How to Use Data Collected on the Shop Floor
Idle machines, production bottlenecks, equipment breakdowns, absent employees, new orders — these are just some factors that can disrupt production and eat into your company's profit.
Technology to the Rescue
Real-time tracking of work in progress can help improve control, workflow and decision-making abilities. How do you get this information? One software solution that's starting to gain acceptance is the shop floor control system, otherwise known as the manufacturing execution system (MES). It enables planning and real-time tracking either 1) as a stand-alone system, or 2) integrated with an enterprise resource planning system.
The MES provides information about activities from orders to finished goods. It's particularly useful for managing operations that run small batches and process numerous varied orders, such as those typical of pharmaceutical, computer chip and chemical product manufacturers.
When using MES software, the production process is broken down into four stages.
1. Planning. This phasebegins with the customer order. It's when process times and materials requirements are determined, and the due date and truck loading date are entered into the program.
2. Scheduling. Here, the software can be used to determine how the new order fits into work already in production. The system sees the forest, as well as the trees, so that process sequencing of all orders uses each machine or workstation to its advantage. Schedules can be printed and posted. Workstations aren't totally locked into the schedule.
For example, if there are two identical machines scheduled to divide a job equally, the supervisor might see that one machine and operator could do 60% of the order, which would allow the other machine operator time to cross-train another employee. The MES program also provides specifications, instructions and drawings for the job. As orders are processed, computer numerical control machine operators can simply download "recipes" for running their machines.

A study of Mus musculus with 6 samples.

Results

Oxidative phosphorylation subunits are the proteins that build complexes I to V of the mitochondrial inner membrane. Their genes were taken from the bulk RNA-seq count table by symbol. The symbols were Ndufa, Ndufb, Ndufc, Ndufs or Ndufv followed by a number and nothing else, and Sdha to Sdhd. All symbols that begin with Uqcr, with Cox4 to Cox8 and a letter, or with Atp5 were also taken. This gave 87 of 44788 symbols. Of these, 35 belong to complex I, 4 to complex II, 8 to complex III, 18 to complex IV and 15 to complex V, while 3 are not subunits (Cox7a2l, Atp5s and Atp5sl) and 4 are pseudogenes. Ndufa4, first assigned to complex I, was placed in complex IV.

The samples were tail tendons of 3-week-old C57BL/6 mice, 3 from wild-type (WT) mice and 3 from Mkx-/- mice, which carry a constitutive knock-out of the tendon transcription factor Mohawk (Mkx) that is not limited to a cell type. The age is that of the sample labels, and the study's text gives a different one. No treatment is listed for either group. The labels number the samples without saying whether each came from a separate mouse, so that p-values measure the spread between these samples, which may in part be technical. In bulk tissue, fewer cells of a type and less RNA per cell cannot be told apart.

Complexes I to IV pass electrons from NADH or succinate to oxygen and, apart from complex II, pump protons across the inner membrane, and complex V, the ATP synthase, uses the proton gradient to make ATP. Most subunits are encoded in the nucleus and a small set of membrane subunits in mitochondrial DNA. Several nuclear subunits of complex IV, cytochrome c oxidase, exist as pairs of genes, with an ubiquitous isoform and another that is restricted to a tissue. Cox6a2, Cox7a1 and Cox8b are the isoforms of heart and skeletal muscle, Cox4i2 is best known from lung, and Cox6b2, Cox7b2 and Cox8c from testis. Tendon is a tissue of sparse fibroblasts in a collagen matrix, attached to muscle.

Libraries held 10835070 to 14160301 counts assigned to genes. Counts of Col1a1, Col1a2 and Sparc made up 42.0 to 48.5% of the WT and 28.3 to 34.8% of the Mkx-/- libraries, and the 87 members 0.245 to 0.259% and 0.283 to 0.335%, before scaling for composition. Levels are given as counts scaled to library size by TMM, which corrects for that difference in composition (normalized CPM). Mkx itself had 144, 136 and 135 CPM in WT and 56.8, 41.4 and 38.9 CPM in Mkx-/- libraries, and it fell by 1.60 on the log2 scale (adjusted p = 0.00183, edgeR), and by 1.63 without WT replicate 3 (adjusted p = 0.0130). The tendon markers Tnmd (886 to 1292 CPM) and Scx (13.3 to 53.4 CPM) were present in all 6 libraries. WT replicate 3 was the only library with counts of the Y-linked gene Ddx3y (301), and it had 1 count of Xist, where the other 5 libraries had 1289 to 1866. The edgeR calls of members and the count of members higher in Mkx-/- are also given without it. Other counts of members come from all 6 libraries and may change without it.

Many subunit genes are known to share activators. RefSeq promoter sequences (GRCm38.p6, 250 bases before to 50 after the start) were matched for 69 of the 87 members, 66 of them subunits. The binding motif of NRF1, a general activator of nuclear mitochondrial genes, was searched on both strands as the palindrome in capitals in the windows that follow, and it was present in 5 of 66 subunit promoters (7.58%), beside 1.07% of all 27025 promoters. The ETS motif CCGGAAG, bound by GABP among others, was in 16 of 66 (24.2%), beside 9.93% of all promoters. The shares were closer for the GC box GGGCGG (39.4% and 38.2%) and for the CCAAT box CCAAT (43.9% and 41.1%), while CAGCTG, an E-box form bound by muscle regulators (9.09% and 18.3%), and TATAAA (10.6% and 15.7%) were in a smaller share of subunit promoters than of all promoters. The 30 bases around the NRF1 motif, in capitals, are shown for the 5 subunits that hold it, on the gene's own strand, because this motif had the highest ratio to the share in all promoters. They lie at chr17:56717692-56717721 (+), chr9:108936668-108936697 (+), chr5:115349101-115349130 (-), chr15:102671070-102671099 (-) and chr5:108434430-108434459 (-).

3. Tracking. This stage is handled in real-time and displayed on computer monitors. The system identifies and tracks components by reading bar-coded labels or travelers. When a problem occurs, such as a delay in getting raw materials, the schedule can be updated and the changes communicated to every workstation.
4. Reporting. Documenting work in progress lets everyone know if processes and orders are completed as scheduled. As an order moves through production, each workstation makes an entry into the system upon the completion of its work and explains any deviation from work as scheduled.
On one level, the cost savings realized by using a MES are derived simply from greater efficiencies in the day-to-day utilization of equipment and labor. On another level, MES reports provide valuable data that can aid a company's decision-making ability. They amass important information such as processing history, time on line, time in queue and rejection rate.
Use It or Lose It
Once you get MES reports, be sure to use them. Studies have found that many companies miss the boat by failing to train managers to use the information available to them. Contact your CPA for information on how to get more from your real-time MES reports and how they can be used to improve your bottom line.